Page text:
Murderers fail in bid to abolish mandatory sentencing
TWO murderers have failed in a Supreme Court bid to have mandatory sentencing declared unconstitutional.
Peter Whelan and Paul Lynch claimed making life sentencing mandatory also breached their rights under the European Convention on Human Rights (ECHR).
Whelan was jailed for life for the murder of student Nicola Sweeney (20) in Rochestown, Cork, in 2002. Lynch is serving a life term for the 1995 murder of Donegal pensioner William Campbell (77).
Yesterday, the Supreme Court said murder is the "ultimate crime against society as a whole" and the State is entitled to impose a punishment at "the highest level which the law permits".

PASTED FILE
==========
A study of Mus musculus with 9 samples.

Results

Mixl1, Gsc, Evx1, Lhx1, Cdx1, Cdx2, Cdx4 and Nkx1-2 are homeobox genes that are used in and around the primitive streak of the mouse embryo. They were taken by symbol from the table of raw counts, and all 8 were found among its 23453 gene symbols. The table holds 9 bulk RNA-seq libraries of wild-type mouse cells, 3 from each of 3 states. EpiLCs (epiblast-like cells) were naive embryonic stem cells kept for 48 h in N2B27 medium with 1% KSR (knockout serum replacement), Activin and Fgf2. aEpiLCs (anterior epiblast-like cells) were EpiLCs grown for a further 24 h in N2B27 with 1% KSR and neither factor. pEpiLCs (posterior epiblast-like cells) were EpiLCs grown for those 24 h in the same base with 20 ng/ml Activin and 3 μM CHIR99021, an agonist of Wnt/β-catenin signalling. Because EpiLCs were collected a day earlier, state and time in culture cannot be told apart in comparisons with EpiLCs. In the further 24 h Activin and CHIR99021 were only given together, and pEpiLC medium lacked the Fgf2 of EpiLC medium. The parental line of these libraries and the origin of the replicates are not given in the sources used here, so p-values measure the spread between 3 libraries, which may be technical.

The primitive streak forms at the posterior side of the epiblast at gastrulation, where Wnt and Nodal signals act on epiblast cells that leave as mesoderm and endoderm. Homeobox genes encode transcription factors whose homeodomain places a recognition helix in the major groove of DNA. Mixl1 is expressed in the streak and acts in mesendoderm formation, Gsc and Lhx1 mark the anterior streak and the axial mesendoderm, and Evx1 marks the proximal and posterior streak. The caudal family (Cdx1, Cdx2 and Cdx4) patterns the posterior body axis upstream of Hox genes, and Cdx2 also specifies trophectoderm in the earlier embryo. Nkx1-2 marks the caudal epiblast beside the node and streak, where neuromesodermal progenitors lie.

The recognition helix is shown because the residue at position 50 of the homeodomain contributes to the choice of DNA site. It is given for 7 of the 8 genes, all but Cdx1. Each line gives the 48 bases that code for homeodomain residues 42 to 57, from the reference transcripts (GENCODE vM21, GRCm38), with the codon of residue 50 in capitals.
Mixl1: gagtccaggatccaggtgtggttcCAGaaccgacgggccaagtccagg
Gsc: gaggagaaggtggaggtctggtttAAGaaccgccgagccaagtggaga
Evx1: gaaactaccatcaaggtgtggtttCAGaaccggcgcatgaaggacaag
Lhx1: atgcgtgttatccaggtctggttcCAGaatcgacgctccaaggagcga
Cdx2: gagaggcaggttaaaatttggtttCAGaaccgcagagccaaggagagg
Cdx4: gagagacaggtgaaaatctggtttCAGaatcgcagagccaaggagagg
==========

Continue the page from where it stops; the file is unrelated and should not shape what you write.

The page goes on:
Chief Justice John Murray said because murder involved intending to kill, it could be "properly differentiated from all other crimes".
The sole function of a court, once a person is convicted of murder was to impose the mandatory life sentence and the relevant law did not permit a recommendation by a judge as to the length of imprisonment, he said.
He was delivering the five-judge court's unanimous judgment dismissing the claims by Whelan and Lynch in their appeal against a High Court rejection of their arguments that the mandatory life term is repugnant to the Constitution or incompatible with provisions of the ECHR.
The Chief Justice said murder deprives the victim "finally and irrevocably of the most fundamental of rights, the right to be and may also have exceptional irretrievable consequences of a devastating nature for the family of a victim".
AdVIC, the advocacy group for the families of victims of homicide, congratulated the Supreme Court in its decision.